Recent Statin Users Likely to Eat More and Gain Weight

Takehiro Sugiyama, MD, MSHS, PhD Project Director, Diabetes Policy Planning Office Management and Planning Bureau Fellow, Department of Diabetes, Endocrinology and Metabolism National Center for Global Health and Medicine Shinjuku-ku, Tokyo JapanMedicalResearch.com Interview with:
Takehiro Sugiyama, MD, MSHS, PhD
Project Director, Diabetes Policy Planning Office
Management and Planning Bureau
Fellow, Department of Diabetes, Endocrinology and Metabolism
National Center for Global Health and Medicine
Shinjuku-ku, Tokyo Japan

MedicalResearch.com: What are the main findings of the study?

Dr. Sugiyama: In the US nationally representative sample from the National Health and Nutrition Examination Survey 1999-2010, we found that statin users in 2009-2010 eat 9.6% more calories and 14.4% more fat than statin users in 1999-2000. These increases were not observed in statin non-users; the trends of caloric and fat intake were statistically different between statin users and non-users. In 1999-2000, caloric and fat intake was significantly less for statin users compared with non-users, but the difference between the groups because smaller as time went by and there was no statistical difference in 2009-2010. Body mass index increased more rapidly for statin users compared to non-users.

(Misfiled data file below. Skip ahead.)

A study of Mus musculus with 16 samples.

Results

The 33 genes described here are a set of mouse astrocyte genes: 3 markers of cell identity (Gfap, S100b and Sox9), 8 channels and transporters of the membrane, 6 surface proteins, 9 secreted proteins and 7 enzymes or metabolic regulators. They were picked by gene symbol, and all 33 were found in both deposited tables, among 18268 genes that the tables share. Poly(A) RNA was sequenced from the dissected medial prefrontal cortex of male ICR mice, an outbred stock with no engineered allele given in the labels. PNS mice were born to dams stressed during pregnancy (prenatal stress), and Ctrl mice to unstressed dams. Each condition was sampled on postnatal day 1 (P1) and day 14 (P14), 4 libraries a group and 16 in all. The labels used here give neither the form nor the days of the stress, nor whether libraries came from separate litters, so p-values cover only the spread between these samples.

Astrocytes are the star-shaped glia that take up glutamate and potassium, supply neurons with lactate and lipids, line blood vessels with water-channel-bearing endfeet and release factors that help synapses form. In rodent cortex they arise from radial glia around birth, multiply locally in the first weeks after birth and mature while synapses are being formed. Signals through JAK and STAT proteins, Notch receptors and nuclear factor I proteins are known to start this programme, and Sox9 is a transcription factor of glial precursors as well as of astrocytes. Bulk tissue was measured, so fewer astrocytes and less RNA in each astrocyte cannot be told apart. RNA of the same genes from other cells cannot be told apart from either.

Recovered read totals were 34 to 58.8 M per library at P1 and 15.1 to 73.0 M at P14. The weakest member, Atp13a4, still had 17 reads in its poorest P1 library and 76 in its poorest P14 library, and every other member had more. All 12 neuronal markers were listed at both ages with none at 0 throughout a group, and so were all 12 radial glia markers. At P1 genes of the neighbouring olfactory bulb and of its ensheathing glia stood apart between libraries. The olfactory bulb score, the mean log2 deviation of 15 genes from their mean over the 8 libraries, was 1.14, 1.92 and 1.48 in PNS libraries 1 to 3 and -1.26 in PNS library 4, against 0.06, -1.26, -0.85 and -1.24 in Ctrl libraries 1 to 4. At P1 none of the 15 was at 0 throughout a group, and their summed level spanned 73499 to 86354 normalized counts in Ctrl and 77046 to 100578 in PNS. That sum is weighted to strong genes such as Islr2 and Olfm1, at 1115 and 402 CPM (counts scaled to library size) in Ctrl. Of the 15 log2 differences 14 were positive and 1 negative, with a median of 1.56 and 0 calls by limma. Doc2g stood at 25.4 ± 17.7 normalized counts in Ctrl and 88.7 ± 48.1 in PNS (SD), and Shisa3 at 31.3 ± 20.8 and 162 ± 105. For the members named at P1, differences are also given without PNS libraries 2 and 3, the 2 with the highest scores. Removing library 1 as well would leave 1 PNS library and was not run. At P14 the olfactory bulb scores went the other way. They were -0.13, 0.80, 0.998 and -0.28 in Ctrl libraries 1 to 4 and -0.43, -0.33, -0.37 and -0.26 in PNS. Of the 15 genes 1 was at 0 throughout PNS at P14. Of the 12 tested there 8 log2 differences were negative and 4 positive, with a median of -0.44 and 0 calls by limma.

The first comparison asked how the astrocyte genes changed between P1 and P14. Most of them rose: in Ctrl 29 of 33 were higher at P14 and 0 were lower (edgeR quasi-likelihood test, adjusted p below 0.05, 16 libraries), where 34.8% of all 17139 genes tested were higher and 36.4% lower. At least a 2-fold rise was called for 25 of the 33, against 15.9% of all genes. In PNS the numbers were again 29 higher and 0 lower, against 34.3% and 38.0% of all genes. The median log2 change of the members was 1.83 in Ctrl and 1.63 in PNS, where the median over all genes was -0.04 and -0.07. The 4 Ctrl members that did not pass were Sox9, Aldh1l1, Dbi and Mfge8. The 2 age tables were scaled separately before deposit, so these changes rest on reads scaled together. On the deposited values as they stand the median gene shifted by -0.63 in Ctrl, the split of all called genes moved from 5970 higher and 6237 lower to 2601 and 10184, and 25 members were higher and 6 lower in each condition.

MedicalResearch.com: Were any of the findings unexpected?

Dr. Sugiyama: We actually predicted these results because these results were compatible with our hypotheses that patients who started statin treatment were likely to loosen their dietary control because they got to recognize the potency of the medication, and that physicians were more likely to start prescribing statins for those who cannot control their diet and weight. Our study results supported our hypotheses.

MedicalResearch.com: What should clinicians and patients take away from your report?

Dr. Sugiyama: Whatever the mechanisms, recent statin users are more likely to eat more and gain weight. Dietary modification may need to be reemphasized for statin users.

MedicalResearch.com: What recommendations do you have for future research as a result of this study?

Dr. Sugiyama: A long-term cohort study may disentangle the mechanism of the observed different trends: whether statin users were starting to eat more and gain weight in parallel with their statin therapy, or newly-prescribed statin users were more likely to eat and weigh more. The evidence of dietary therapy in addition to statin therapy in terms of cardiovascular risk reduction may need to be created.

Citation:

Different Time Trends of Caloric and Fat Intake Between Statin Users and Nonusers Among US Adults: Gluttony in the Time of Statins?